Saturday, November 25, 2023

Do You Love Christmas Music? It's Because of Prolactin

Daniel Levitin, an author and musician in Los Angeles and a professor emeritus of psychology and neuroscience at McGill University in Montreal, said research has shown that most people in Western countries use music to self-soothe. “They know that there are certain kinds of music that will put them in a good mood,” he said. “Christmas music is a reliable one for a lot of people.”

The NY Times reports the healing effects of music have long been studied. Mr. Levitin participated in a 2013 study that concluded that music boosts the body’s immune system and reduces stress.

Levitin said that listening to a song that has not been heard in a long time can transport a person back in time. “That’s the power of music to evoke a memory,” he said. “With those memories come emotions and possibly nostalgia, or anger, or frustration, depending on your childhood.”

For the people who find joy in Christmas music, the brain may increase serotonin levels and may release prolactin a soothing and tranquilizing hormone that is released between mothers and infants during nursing, Levitin said.

Conversely, if negative memories and feelings are associated with Christmas, the same songs could cause the brain to release cortisol, the stress hormone that increases the heart rate, and trigger the amygdala, the brain’s fear center. “There are a lot of people who, when Christmas time comes around, they just want to run home and put their head under the covers and wait it all out,” Mr. Levitin said.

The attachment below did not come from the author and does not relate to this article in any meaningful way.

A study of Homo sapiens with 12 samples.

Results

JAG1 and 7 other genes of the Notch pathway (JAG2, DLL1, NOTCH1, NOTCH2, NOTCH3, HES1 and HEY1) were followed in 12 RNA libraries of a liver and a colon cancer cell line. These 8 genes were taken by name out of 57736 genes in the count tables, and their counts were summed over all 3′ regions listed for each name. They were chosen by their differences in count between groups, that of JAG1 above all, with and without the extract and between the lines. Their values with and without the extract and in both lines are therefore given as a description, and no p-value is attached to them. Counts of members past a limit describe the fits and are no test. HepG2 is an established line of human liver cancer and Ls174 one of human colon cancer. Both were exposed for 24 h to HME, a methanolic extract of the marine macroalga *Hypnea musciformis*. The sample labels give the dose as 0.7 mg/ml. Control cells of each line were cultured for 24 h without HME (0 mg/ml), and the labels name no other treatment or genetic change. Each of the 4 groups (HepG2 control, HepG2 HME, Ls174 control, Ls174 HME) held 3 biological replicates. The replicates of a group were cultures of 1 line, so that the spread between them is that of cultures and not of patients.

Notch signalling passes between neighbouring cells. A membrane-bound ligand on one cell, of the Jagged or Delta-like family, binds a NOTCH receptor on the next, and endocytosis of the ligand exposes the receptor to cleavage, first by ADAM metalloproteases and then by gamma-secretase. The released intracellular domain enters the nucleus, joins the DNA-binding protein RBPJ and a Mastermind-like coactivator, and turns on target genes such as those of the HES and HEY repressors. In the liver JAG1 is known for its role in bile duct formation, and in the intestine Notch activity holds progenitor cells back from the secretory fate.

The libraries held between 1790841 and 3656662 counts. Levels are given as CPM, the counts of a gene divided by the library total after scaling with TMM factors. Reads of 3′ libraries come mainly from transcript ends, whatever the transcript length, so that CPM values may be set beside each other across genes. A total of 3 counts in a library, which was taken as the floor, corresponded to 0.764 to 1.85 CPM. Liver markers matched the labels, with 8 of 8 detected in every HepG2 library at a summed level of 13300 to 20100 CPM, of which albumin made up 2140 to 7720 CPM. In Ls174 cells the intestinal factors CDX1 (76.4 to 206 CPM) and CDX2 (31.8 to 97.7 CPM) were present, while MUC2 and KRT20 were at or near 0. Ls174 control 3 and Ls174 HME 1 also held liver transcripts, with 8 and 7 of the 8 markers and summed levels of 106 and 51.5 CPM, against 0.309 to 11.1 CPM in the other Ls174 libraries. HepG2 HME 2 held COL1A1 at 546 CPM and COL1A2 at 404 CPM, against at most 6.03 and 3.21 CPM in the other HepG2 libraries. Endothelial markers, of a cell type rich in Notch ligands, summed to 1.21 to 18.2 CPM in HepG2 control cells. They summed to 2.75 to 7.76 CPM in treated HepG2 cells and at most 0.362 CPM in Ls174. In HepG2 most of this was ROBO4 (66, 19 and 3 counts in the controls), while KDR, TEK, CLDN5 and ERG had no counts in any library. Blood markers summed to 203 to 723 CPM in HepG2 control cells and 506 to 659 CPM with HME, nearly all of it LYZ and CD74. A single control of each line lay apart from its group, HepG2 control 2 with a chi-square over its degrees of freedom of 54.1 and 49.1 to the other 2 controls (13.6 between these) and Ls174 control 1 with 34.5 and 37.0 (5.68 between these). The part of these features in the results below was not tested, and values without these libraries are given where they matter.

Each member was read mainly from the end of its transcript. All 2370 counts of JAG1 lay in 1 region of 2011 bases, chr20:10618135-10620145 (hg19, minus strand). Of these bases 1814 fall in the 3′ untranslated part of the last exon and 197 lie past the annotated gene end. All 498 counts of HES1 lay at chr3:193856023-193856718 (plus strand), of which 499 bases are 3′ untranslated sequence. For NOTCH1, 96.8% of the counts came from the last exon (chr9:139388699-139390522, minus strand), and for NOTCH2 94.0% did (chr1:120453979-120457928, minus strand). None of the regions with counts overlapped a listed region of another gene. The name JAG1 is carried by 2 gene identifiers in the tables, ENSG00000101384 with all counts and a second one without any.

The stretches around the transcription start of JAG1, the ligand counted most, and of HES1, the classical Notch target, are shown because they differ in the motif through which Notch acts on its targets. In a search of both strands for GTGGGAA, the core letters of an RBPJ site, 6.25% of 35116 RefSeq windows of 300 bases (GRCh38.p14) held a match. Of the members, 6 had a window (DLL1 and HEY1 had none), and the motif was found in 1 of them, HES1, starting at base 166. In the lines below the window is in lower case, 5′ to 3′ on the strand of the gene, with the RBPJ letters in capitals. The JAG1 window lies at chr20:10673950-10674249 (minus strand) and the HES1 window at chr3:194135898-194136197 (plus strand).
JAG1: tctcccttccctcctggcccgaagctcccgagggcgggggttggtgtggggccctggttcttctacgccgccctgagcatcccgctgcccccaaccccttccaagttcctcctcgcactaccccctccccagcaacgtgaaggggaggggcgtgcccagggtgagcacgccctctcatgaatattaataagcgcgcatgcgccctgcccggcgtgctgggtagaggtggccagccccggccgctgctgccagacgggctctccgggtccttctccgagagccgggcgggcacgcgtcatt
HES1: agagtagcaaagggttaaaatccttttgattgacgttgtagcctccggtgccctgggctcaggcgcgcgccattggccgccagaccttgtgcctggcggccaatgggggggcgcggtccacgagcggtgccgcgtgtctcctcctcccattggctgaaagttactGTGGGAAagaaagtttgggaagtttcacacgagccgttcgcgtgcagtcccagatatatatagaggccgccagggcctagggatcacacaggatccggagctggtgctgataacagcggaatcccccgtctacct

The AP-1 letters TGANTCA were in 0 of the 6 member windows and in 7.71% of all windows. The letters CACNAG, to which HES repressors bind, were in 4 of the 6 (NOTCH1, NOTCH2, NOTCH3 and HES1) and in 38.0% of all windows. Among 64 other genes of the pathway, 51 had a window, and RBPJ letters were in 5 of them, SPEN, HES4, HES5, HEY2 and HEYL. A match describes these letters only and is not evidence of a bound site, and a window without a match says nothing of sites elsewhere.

Christmas music, like all forms of music, is powerful. But this genre is perhaps more potent than other forms of music because the holiday season itself is emotionally charged. It represents the ideals that most humans strive for like equality, tolerance, love and tranquillity. “For some of us, that’s an inspiring message,” Mr. Levitin said. “For others of us, it just draws in stark relief how far we are from achieving that.”